At about the time Around the World in A Day came out, Prince upped his game with surprising twists of sophistication to his sound and image. Meanwhile, his ever changing personas were more than enough fodder for the countless would be stars to base a career off of. One of them was Georgio.
Somehow the planets aligned, making Minneapolis Minnesota the epicenter of an odd Afro-Anglo melting pot. Where else in the US could so many talented negros with Italian names have come from? Was it the city’s artic winters or were they drawn to the Twin Cities to get Prince’s attention? For Georgio, it was the last option. Georgo was actually born there and like many aspiring artists he returned to the city and tried to get a record contract with Prince’s Pasiely Park label. When that fell through, undeterred young Georgio Allentini went to Motown records where he released his debut Sex Appeal.
Georgio, like myself at the time was in his early 20s, but somehow he appeared as a fully formed androdious supermodel with long hair and abs. It was a look that would be informed mostly by his obvious role models, Prince and Terence Trent D’Arby.
The album burst on the scene on the strength of “Lover’s Lane”, a song that combined Prince’s androdgny with D’Arby’s raw sex appeal in a way that made Georgio stand out if not momentarily from the hords of Prince look and sound-alikes.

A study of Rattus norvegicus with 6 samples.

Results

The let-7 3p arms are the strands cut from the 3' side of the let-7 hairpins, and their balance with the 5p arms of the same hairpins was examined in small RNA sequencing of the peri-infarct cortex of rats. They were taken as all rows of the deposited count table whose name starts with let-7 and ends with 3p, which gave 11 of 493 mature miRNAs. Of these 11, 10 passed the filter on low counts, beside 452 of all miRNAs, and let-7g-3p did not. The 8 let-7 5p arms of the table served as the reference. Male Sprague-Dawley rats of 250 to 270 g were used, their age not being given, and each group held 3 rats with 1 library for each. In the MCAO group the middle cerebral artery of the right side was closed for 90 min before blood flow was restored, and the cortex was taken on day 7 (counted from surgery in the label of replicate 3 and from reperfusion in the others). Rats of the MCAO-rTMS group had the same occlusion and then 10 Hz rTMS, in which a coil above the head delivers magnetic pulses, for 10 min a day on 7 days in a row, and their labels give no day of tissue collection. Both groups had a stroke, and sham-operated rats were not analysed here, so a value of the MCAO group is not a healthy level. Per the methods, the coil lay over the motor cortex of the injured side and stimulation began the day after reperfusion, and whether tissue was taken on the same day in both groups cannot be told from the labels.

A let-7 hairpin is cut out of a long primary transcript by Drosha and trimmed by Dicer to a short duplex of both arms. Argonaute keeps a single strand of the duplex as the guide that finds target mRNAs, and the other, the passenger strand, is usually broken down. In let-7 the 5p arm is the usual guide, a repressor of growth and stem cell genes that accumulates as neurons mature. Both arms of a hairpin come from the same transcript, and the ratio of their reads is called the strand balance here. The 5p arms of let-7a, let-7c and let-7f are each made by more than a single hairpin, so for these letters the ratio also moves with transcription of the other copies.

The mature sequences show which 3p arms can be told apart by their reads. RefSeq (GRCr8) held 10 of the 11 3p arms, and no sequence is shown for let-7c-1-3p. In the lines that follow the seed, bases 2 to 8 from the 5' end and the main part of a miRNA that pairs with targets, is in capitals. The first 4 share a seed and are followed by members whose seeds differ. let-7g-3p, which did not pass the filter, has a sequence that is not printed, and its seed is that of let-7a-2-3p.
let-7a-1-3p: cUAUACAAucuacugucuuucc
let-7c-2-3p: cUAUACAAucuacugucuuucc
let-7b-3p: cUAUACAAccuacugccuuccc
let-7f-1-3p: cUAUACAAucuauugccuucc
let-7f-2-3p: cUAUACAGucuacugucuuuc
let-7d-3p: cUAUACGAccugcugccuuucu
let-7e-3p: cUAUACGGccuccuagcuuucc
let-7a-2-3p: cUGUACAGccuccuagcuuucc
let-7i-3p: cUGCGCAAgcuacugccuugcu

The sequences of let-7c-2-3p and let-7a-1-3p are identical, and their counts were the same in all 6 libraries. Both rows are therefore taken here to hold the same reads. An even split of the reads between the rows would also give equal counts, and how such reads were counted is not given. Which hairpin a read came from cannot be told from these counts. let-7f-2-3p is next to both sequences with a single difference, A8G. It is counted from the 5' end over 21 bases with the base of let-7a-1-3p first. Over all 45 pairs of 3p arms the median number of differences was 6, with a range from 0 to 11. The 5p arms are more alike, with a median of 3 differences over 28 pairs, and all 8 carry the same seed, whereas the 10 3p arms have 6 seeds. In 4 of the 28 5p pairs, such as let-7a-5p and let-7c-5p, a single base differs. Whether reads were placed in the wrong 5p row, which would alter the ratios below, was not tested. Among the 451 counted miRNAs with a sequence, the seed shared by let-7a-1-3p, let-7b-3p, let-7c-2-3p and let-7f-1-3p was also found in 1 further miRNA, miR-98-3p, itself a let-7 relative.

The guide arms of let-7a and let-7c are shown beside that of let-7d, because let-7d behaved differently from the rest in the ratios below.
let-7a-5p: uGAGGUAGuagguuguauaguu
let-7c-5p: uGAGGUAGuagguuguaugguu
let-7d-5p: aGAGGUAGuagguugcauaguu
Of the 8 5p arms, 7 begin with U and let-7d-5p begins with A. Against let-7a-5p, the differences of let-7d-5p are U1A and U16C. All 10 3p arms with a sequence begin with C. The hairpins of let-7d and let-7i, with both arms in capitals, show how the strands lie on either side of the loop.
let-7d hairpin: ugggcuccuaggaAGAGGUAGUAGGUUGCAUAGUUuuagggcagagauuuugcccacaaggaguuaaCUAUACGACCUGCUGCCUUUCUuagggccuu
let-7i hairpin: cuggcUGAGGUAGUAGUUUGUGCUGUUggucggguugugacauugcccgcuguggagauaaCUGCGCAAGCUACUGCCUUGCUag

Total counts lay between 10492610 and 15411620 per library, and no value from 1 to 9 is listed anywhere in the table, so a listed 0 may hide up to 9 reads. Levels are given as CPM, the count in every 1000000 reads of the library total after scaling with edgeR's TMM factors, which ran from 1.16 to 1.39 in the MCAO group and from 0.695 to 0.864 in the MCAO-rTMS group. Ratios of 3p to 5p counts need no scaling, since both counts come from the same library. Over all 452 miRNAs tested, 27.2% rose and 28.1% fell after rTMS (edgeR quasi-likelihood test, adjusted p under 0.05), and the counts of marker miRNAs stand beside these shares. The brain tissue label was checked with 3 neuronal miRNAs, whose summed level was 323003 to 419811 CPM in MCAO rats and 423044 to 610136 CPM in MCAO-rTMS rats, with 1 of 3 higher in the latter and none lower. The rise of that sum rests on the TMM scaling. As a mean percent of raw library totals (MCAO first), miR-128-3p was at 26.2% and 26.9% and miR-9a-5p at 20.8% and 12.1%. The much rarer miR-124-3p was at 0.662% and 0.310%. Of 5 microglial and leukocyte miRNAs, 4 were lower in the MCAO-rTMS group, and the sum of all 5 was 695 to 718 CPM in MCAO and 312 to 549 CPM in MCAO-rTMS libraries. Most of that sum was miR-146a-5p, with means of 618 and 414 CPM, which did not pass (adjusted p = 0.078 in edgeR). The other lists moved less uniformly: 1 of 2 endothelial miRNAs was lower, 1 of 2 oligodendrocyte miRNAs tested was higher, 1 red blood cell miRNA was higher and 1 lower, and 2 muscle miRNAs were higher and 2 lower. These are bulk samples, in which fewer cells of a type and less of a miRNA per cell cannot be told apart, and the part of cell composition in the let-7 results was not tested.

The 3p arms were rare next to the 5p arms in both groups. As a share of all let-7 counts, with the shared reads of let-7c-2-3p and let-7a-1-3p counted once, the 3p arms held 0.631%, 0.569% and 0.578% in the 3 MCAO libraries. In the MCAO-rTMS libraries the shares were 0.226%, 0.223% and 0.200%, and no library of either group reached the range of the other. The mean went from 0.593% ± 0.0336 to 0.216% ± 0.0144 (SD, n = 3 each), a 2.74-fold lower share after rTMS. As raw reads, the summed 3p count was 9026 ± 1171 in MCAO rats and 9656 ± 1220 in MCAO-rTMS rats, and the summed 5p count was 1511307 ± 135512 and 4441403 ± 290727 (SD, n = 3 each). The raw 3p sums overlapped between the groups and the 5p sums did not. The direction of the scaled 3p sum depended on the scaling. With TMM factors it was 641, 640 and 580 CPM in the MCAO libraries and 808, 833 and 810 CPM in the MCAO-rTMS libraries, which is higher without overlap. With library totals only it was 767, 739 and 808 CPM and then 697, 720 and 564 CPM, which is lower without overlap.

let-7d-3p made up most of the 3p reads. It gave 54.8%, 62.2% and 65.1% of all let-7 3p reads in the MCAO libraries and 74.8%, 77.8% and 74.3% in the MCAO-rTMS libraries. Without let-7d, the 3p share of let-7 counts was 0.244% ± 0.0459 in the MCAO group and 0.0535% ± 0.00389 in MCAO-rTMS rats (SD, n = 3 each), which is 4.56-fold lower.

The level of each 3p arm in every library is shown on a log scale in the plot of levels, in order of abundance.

Musically, Georgio was closer to Prince or more specifically any number of Prince-like artists on Arista or A&M records. Female moans on songs like “Sexappeal” were about as deep as any metaphysical meanings would go. Such bedroom noises were the typical sound effects Georgio used, while the heavily produced digital percussion was one of the albums sonic hallmarks.
Besides “Lover’s Lane”, a few other tracks stood out. “Tina Cherry” was a big dance and club hit while “¼ 2 9” was a minor R&B hit and possibly the album’s best song. For whatever good there was about Georgio’s debut, it sank into the sea of purple clone albums from what was no shortage of artists and record labels who wanted that “Prince” sound.
Like many people, I simply lost interest in Georgio’s music, mostly because I assumed he stopped recording when the charts no longer cared. After his second album Georgio in 1988, his career took a dive into obscurity.The sound embargo was not intentional, because a more mature Georgio would continue to recording with occasional success.